We have all been there. Sometimes a customer interaction goes poorly, or you get an angry message in your inbox about your company or a situation. What do you do?

How you handle this interaction can have further consequences, so always keep that in mind. The reality is that bad news seems to travel much quicker than positive news.

If it's not a face-to-face interaction, sleep on it. We are all human. We can't help taking things personally. If you, your business, or your staff are being hammered in a letter, on your website, or social media, take a pause.

After taking a moment, look at the situation as best as possible from the other person's perspective. Does the person have any merit at all? Or is the other party just angry and coming out of left field?

Did You Do Something Wrong?

If you have some fault in the situation, take ownership and apologize. Admitting guilt immediately can save a brand's reputation. Statistics have shown that if you're a doctor, one of the best ways to respond to a medical error is to apologize. A sincere apology decreases the incidence of medical malpractice claims.

Never ignore the situation because it can come back to bite you in negative reviews online or, even worse, bad word of mouth in conversations. When a person chooses to spend their valuable time telling you about a negative experience, what do you remember? Usually, it's the person, place, or thing and the word "bad," "horrible," or whatever choice adjectives the person used when talking about their interaction.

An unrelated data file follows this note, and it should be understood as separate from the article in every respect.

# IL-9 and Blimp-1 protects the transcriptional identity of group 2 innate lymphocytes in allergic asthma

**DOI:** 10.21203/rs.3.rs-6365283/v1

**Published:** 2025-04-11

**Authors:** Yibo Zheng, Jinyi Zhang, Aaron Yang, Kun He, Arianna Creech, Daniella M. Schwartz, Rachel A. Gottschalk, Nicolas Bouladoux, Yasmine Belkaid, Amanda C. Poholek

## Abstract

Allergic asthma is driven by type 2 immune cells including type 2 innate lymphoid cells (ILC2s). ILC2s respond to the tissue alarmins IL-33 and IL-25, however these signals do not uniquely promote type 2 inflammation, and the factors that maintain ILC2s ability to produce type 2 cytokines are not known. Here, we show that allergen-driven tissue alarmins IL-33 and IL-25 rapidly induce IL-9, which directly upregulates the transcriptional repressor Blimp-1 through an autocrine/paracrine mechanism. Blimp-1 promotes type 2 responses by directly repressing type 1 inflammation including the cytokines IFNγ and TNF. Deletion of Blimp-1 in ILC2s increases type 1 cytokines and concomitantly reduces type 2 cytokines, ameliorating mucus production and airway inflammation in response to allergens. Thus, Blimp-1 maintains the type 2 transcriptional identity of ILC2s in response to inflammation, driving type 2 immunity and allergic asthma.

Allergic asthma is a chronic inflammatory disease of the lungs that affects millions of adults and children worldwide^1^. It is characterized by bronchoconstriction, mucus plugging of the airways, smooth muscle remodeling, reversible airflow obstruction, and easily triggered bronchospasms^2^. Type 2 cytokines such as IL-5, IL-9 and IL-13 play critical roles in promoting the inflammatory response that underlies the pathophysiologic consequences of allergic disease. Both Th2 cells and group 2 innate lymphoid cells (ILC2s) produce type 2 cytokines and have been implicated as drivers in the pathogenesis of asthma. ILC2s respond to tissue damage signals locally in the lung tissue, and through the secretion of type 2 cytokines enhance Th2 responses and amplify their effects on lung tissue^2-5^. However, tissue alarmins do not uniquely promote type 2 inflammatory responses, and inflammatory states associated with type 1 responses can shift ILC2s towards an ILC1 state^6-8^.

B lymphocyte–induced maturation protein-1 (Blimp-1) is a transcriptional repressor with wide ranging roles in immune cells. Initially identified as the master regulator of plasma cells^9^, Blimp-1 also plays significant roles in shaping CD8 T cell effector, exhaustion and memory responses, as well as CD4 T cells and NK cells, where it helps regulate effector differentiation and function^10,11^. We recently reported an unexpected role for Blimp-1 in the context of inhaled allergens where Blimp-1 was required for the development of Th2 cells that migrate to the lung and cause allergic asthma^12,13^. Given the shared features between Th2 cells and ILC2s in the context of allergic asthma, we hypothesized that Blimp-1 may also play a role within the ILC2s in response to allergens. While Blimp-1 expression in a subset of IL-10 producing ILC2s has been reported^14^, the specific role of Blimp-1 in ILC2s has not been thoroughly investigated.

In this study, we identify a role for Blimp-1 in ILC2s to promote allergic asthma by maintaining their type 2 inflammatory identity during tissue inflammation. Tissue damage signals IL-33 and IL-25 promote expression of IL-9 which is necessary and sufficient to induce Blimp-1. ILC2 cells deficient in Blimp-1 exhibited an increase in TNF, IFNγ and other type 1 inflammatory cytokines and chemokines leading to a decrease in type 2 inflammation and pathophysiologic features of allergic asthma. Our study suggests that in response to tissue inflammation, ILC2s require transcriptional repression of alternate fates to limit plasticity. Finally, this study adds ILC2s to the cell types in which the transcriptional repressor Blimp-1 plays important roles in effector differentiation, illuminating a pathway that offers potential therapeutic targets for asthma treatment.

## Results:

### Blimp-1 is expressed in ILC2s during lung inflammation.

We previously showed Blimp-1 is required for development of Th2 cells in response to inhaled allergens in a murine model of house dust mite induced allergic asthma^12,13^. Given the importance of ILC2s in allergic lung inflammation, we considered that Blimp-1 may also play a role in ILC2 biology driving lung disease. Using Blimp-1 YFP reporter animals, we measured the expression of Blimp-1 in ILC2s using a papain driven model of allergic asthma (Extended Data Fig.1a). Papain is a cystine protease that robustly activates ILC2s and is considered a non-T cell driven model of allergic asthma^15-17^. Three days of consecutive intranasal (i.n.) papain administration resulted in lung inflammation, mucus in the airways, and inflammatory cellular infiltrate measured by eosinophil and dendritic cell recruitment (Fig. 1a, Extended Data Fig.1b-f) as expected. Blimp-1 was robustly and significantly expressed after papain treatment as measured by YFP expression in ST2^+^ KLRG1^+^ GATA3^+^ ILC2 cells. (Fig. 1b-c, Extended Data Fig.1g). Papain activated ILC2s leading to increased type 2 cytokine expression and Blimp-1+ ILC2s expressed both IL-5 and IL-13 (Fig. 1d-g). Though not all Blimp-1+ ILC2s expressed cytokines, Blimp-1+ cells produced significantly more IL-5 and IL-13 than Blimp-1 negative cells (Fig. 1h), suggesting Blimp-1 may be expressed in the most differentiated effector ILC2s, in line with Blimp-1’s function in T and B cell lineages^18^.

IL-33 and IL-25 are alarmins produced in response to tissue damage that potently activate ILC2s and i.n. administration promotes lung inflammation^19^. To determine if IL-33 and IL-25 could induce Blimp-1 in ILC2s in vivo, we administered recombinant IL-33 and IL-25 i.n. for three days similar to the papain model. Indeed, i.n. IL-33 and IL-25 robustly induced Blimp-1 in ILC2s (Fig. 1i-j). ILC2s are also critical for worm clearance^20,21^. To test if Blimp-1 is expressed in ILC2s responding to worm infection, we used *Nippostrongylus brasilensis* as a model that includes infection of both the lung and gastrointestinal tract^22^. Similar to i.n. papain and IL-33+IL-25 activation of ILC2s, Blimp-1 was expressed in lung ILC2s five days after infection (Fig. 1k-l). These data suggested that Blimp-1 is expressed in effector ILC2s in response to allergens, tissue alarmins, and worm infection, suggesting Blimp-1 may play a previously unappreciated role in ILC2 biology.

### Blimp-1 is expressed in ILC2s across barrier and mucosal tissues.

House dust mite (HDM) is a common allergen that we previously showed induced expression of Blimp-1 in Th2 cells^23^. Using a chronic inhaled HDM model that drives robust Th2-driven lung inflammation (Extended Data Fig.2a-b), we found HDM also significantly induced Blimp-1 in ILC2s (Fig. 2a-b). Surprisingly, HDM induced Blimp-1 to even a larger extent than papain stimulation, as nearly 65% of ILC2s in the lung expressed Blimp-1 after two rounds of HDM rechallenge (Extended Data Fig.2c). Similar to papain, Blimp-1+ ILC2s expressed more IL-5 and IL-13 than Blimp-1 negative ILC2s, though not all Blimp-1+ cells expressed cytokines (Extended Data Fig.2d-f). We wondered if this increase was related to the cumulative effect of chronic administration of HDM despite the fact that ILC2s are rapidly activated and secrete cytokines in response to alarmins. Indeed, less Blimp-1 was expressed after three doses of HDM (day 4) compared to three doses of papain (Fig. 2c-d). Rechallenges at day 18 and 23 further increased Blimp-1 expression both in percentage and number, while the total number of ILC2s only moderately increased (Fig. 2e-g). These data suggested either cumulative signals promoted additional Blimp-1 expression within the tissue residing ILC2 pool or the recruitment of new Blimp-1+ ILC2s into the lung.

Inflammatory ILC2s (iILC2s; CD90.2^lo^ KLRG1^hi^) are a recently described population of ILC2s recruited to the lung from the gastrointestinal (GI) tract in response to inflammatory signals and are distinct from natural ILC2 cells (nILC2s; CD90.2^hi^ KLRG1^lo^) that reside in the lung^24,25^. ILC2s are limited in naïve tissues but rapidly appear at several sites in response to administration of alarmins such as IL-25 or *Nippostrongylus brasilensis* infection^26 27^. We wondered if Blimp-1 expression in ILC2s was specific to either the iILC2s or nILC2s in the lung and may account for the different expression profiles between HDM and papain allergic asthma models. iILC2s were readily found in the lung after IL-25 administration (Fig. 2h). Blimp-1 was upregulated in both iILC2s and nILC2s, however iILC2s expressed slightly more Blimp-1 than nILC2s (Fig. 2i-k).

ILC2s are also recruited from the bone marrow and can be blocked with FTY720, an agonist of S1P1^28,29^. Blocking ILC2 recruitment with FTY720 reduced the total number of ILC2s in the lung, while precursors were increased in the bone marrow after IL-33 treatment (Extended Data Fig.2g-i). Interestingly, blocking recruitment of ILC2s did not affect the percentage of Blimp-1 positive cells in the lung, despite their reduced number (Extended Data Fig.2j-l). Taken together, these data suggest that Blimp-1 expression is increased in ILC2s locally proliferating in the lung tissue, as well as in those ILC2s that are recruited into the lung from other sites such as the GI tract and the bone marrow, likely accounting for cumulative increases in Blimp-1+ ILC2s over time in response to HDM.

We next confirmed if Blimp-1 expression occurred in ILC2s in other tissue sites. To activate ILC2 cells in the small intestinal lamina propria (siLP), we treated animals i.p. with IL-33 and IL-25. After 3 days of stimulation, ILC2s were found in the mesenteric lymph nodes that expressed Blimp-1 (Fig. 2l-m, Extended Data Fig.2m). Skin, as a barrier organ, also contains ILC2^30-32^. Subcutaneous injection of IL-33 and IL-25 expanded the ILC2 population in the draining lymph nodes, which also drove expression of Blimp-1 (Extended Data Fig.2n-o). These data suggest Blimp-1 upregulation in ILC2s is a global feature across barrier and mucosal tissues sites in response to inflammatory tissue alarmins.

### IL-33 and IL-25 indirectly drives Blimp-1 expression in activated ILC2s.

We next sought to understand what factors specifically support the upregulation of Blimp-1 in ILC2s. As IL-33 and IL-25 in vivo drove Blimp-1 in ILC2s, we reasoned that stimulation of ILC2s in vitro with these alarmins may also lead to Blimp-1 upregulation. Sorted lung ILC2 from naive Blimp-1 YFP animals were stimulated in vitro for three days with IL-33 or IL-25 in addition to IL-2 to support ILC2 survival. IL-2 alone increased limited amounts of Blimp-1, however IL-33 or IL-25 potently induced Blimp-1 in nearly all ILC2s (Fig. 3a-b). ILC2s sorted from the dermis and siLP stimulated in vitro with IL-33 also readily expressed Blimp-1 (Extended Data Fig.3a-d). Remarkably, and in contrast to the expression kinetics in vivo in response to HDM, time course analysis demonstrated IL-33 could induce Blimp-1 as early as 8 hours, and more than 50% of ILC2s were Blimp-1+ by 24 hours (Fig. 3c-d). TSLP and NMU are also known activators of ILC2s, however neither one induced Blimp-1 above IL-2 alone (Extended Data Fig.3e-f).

When You're Being Treated Unfairly

Conversely, what if the complaint is unreasonable? How do you respond? The answer is it depends. If the post or review is public, and you know the person, reach out to the person. See if you can smooth out the situation. If you resolve the problem amicably, request that the person remove their public complaint.

If the person is not known to you, you can state your business's merits and use the opportunity to repeat the strengths of your company's reputation. Use neutral terms. Steer clear of using defensive language. Take your personal feelings out of the situation when crafting your response. If you're unsure if it sounds neutral, ask a trusted associate to give it a read for a second opinion.

However, if the negative post or review you're responding to contains foul or lewd language, hate speech, or private details, report it to the online organization for removal and ignore it. Most reasonable people reading the post will view it as inflammatory and worthless.

Ultimately, the bottom line is to practice good customer service. Treat every customer as if reporters and a crowd of people are standing over you, watching and judging that interaction. Choose your words wisely in your interactions. As any good doctor will tell you, prevention is always cheaper than the cure.

It's hard always to be our best, and sometimes we're not. In those moments when we fall, get back up and apologize for a terse response or if you failed to do something. It can be so much more expensive to repair a reputation than to preserve it.

In case you need some help with reputation building, preservation, or repair, MISKAFIED Communications can help.